McGillians shine as scholarship season kicks off

Social Work PhD student lands coveted Trudeau Award

By McGill Reporter Staff

Émilie Raymond, a McGill doctoral student in Social Work, has earned a prestigious Pierre Elliott Trudeau Foundation scholarship, while another 18 PhD candidates have landed Vanier Canada Graduate Scholarships.

Raymond was awarded the Trudeau scholarship – one of Canada’s largest and most prestigious doctoral awards – for her work in gerontological studies.

Her doctoral thesis will focus on a paradox she has observed in previous research with seniors: despite extensive focus in public discourse and policies on the idea of social participation by seniors, their voices are often poorly heard in decision-making forums. She will work with seniors’ social movements to examine how they perceive and implement citizen participation – and to compare these experiences with social policies that seek to encourage participatory behaviours among seniors.

Working with her supervisor, Social Work Professor Dr. Amanda Grenier, Raymond hopes to contribute to the renewal of gerontological studies by offering a participatory approach that invites seniors to become authentic partners in research. She also plans to support the efforts of seniors’ associations to defend and promote the rights of the groups they represent.

In Raymond’s view, the accelerated greying of the population is far more than a demographic or economic issue; for her, it is a global and historic imperative to re-examine the trajectory of life and to reflect on ways to build a more supportive intergenerational society.

“The McGill School of Social Work is very proud that one of its students has been named a Trudeau Scholar,” said Wendy Thomson, Director of the School. “This award will provide substantial support to Émilie’s important work on the role of seniors in society – a critical issue for Canada and many other countries in the years ahead.”

Fifteen 2010 Trudeau Scholars across Canada have been offered up to $180,000 each to advance their research into issues such as labour, mental health, conflict resolution and the environment. The scholarships subsidize tuition fees and living expenses and enable the recipients to travel for research and scholarly networking and the sharing of their knowledge. In addition to receiving financial support, Trudeau Scholars benefit from the expertise and knowledge of Trudeau Fellows and Mentors, highly accomplished individuals who are leaders in both academic and non-academic settings. Interaction with non-academic milieus, including public policy networks and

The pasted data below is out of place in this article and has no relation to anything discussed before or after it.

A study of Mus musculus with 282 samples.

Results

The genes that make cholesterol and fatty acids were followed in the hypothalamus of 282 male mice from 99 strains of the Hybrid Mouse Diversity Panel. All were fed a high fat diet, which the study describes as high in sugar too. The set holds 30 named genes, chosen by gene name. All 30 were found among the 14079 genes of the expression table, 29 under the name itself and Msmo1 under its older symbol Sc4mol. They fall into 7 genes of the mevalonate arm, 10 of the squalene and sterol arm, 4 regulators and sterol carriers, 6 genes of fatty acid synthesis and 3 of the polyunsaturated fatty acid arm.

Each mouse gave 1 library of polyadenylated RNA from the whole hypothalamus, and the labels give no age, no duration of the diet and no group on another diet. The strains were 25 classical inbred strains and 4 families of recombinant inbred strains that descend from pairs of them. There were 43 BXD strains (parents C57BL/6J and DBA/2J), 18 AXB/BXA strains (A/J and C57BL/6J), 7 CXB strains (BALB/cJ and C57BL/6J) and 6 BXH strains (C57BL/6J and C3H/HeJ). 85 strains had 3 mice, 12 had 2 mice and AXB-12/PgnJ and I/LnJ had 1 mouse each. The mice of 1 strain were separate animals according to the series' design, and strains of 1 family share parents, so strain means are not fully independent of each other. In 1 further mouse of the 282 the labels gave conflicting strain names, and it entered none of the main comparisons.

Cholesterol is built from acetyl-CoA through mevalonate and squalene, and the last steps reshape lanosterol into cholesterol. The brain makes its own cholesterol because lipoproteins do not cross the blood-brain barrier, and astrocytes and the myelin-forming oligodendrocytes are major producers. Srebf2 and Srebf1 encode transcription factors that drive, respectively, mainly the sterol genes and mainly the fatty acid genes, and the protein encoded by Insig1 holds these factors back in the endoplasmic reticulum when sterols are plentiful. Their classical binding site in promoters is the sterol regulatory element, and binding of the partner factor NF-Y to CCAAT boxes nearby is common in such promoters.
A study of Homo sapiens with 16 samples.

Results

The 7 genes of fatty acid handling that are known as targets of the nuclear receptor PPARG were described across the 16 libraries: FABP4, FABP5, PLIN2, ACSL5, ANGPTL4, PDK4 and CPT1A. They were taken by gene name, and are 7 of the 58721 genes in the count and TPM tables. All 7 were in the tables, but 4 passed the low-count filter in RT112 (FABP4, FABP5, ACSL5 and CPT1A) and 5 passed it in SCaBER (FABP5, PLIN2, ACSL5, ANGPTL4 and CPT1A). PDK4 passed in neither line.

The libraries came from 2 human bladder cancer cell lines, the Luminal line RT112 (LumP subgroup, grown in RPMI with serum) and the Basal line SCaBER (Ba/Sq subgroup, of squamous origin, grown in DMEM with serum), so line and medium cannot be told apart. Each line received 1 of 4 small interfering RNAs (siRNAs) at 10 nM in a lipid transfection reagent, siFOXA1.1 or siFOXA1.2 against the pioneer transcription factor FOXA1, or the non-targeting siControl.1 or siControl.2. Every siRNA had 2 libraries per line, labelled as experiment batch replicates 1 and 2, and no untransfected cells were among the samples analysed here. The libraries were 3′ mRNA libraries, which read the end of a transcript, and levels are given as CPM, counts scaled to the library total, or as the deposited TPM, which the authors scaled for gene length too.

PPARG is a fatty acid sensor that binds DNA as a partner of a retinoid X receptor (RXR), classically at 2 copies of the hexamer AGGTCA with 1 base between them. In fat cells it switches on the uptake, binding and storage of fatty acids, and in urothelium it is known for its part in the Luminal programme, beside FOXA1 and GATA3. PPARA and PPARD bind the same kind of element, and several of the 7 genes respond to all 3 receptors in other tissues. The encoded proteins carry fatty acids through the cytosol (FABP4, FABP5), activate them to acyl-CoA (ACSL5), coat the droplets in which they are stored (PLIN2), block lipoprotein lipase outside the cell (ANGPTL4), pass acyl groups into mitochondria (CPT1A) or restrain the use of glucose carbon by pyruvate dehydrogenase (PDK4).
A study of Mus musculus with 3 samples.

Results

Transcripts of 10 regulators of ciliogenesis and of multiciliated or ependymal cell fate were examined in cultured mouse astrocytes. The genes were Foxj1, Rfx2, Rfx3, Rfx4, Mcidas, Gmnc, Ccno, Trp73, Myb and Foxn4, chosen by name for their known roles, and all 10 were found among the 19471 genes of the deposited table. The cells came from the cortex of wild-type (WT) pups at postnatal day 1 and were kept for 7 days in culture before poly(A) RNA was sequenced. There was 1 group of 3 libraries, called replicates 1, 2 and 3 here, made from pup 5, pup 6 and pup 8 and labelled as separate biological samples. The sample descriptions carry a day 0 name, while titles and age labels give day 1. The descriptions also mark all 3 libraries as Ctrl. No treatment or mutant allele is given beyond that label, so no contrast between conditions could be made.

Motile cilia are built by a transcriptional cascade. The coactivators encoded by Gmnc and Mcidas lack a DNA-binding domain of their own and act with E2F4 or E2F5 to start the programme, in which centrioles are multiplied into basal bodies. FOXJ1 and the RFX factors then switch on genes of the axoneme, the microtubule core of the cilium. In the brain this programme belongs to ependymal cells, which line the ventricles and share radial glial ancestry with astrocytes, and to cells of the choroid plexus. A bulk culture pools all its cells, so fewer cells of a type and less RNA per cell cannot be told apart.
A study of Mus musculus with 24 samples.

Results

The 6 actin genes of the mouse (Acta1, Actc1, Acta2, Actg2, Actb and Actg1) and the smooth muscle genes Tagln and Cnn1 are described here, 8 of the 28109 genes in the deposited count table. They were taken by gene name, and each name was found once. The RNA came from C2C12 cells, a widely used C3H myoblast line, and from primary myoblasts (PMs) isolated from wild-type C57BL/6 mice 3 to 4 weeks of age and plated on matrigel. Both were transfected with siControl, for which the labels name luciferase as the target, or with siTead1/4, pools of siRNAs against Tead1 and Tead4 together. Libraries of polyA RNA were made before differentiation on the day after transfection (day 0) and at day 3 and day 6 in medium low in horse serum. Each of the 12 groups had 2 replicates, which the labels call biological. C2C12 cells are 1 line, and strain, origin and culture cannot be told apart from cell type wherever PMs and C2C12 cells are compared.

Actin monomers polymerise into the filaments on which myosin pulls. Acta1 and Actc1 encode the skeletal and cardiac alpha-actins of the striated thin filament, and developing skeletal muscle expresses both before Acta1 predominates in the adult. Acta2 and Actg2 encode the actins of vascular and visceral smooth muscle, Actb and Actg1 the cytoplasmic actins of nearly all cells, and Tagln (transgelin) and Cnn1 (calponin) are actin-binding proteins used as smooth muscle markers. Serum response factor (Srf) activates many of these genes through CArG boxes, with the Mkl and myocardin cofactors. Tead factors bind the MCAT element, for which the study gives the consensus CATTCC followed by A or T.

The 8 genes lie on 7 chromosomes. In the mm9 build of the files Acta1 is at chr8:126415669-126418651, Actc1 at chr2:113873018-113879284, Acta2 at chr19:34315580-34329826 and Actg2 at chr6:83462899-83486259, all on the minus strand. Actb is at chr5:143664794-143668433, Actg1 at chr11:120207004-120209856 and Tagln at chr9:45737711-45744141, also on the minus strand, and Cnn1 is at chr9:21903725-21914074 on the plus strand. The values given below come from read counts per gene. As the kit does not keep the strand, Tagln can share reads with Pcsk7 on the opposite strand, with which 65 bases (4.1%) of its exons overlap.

the public at large, is a key component of the Trudeau Scholarship Program.

Earlier in the week, 18 McGill doctoral students were named recipients of the Vanier Canada Graduate Scholarship. These major awards, worth $150,000 each, underscore the Canadian government’s commitment to research.

“The Vanier Canada Graduate Scholarship program is an important part of the Government of Canada’s science and technology strategy,” said Industry Minister Tony Clement. “By helping our universities attract and retain the world’s top doctoral students, the program is helping us develop and apply leading-edge knowledge, grow a world-class workforce, and position Canada as a true destination of choice for the world’s top students and researchers.”

“The award of 18 Vanier Scholarships to McGill researchers demonstrates the excellence and dedication of our doctoral students,” said Martin Kreiswirth, Associate Provost (Graduate Education) at McGill. “I couldn’t be more pleased, and I’m particularly gratified to learn that four of our winners are international students.”

“I’m extraordinarily proud to be recognized by the Government in this way,” said Emily B.J. Coffey, a PhD student in the Faculty of Medicine’s department of neurology and neurosurgery. “I’m excited to begin the research that this scholarship is funding and I’m pleased to be able to contribute to knowledge that will one day help people recover from injury or trauma to the brain.” Coffey’s research will help us better understand the way our brains change when we learn complex skills, through the study of musical production and perception.

The other 17 recipients are:

Giulia El-Dardiry, Anthropology; Jennifer Otto, Church History; Antoni Tekiel, Condensed Matter Physics; Sebastien Boridy, Drug Research; Felipe Dargent, Evolution and Ecology; Matthew Parsons, Immunology-Transplantation; Mathieu Lavallée-Adam, Information Technology; Jeffrey Poissant, Mechanical Engineering; Sra Thiam, Medical Anthropology; Laura Risk, Music and Musicology; Jenea Bin, Jieun Cha, Mohsen Jamali, Sebastien Langlois, Nervous System; Graham Hamblin, Organic Chemistry; Woo Jin Edward Lee and Alexandra Richard-Guay, Social Work.